Despite privacy concerns, Google still dominates search engine realm

Google's share of user base has increased dramatically since 2004, Pew finds

Although Google's new privacy policies have proven controversial, that hasn't stopped the company from cementing its position as America's favorite search engine.

According the latest survey from the Pew Internet and American Life Project, 83% of American Internet users say they use Google to search most often while just 6% say they use Yahoo most often. All other search engines accounted for just 6% of American Internet users while just 5% reported that they didn't use one search engine more often than another.


Pew also found user satisfaction to be high, as 91% said that they "always or most of the time find the information they are seeking" from their searches, while 73% said that "most or all the information they find as they use search engines is accurate and trustworthy." Additionally, 55% say their search results have been getting better over time while just 4% say they've gotten worse.

But even though Google is dominating the American search market, Pew also found that Google's new privacy policies are causing some trepidation. For example, Pew found that 65% of users surveyed said that they would "not be OK" with a search engine using their searches to give more personalized search results. Similarly, 68% said they were "not okay" with targeted advertising culled from tracking their search results.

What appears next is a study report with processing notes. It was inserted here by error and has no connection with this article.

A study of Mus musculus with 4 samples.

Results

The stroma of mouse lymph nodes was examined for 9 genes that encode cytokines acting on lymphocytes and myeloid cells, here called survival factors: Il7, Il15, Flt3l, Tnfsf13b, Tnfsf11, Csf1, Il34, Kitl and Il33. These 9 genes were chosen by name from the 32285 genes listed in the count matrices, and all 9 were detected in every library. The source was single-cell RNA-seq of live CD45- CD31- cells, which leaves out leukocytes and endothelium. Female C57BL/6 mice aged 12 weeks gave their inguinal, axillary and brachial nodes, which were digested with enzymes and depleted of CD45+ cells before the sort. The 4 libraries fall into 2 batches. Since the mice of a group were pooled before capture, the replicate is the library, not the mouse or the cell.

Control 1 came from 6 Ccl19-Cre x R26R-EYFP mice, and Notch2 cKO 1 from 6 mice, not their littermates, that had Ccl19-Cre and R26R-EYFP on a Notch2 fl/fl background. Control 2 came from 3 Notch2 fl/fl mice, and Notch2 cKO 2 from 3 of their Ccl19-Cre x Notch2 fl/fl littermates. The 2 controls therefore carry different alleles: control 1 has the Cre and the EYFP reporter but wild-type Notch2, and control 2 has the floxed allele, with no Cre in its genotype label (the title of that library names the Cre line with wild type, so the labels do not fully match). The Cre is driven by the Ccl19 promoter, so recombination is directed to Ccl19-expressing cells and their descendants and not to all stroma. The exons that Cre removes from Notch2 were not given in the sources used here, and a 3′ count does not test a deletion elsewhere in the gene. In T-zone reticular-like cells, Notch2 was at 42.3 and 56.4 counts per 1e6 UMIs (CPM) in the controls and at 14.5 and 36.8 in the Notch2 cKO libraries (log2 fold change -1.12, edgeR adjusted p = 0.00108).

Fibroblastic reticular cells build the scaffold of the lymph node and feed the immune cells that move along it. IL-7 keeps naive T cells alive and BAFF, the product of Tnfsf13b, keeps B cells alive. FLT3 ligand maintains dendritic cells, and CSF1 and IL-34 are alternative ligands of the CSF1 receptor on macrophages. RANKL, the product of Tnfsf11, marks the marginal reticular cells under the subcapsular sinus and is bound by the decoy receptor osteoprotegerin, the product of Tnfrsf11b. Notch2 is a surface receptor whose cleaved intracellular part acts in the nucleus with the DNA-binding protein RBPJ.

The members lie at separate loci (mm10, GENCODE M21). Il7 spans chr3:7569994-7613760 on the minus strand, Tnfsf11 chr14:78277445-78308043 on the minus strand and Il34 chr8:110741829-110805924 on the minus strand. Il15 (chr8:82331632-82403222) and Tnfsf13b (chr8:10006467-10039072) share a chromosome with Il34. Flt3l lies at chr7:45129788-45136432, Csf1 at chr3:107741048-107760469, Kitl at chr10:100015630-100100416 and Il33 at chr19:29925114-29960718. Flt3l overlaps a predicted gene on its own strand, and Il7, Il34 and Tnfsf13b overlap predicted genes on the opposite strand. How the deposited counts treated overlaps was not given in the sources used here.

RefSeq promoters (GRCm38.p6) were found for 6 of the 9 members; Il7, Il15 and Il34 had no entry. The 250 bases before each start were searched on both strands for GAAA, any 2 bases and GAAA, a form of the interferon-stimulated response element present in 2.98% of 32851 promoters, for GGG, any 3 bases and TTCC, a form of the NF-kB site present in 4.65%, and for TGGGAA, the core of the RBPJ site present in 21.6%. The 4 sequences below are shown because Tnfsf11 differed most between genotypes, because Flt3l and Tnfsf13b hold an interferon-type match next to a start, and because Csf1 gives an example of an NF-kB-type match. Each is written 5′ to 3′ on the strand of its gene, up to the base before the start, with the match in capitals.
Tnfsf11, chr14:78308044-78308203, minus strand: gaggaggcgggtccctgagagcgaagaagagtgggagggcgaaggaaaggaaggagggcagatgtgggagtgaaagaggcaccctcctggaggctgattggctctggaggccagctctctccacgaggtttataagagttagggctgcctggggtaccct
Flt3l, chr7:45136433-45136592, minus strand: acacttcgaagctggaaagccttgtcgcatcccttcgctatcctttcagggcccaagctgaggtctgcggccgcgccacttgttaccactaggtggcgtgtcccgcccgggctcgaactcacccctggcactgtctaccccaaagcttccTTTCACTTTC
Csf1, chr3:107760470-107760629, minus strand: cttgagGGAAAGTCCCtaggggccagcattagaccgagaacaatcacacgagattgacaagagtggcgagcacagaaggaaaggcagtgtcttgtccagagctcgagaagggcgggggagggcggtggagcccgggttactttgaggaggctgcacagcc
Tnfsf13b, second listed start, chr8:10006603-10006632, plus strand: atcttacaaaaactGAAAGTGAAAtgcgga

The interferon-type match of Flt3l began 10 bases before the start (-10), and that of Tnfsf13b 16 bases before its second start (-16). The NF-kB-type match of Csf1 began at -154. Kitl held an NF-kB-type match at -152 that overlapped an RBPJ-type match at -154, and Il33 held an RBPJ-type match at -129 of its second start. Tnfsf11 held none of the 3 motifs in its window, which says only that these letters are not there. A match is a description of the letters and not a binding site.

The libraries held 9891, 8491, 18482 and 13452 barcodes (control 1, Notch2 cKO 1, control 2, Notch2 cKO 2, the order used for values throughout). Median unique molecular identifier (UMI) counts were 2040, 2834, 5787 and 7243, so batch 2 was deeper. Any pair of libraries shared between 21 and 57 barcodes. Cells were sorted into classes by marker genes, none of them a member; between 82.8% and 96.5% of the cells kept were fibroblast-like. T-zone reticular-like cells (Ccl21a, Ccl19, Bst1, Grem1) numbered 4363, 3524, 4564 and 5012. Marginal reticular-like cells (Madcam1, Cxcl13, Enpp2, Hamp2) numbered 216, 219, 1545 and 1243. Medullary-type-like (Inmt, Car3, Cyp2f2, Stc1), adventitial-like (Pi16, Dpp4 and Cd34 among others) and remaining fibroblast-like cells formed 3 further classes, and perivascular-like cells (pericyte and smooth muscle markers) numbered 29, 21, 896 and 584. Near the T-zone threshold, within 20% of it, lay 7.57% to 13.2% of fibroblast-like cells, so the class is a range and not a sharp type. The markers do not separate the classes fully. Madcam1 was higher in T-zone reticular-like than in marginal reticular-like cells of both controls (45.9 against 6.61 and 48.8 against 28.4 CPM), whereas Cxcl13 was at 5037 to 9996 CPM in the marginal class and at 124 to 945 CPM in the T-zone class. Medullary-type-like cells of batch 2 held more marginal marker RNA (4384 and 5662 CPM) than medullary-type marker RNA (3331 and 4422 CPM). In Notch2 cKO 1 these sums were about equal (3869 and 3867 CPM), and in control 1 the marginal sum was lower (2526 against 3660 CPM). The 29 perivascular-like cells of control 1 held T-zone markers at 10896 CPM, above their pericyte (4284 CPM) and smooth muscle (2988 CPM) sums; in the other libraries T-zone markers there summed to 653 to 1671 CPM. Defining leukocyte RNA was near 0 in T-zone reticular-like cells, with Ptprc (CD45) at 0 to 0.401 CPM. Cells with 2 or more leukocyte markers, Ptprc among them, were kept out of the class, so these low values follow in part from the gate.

Google recently caused a stir when it decided to consolidate its privacy policies and share users' personal data across multiple Google services, including Gmail, Google search and YouTube. Google has maintained that these new policies will benefit users by providing them with more relevant advertising that comes from a broader variety of data on a given user's Internet behavior. Google insists that it is not selling users' data to outside parties and says that users can always sign out of their Google accounts if they don't want their searches tracked and used for personalized advertising.

The changes to Google's privacy policies, which took effect on March 1, sparked concern among 36 state Attorneys General who wrote a letter to Google CEO Larry Page asking him to address the potential increased risk of identity theft that users could be subjected to under the new policies. Specifically, the AGs claimed that Google's new policy of consolidating users' data profiles across multiple services such as Gmail, YouTube and Google+ could make it easier for hackers to gain users' personal information and to steal their identity.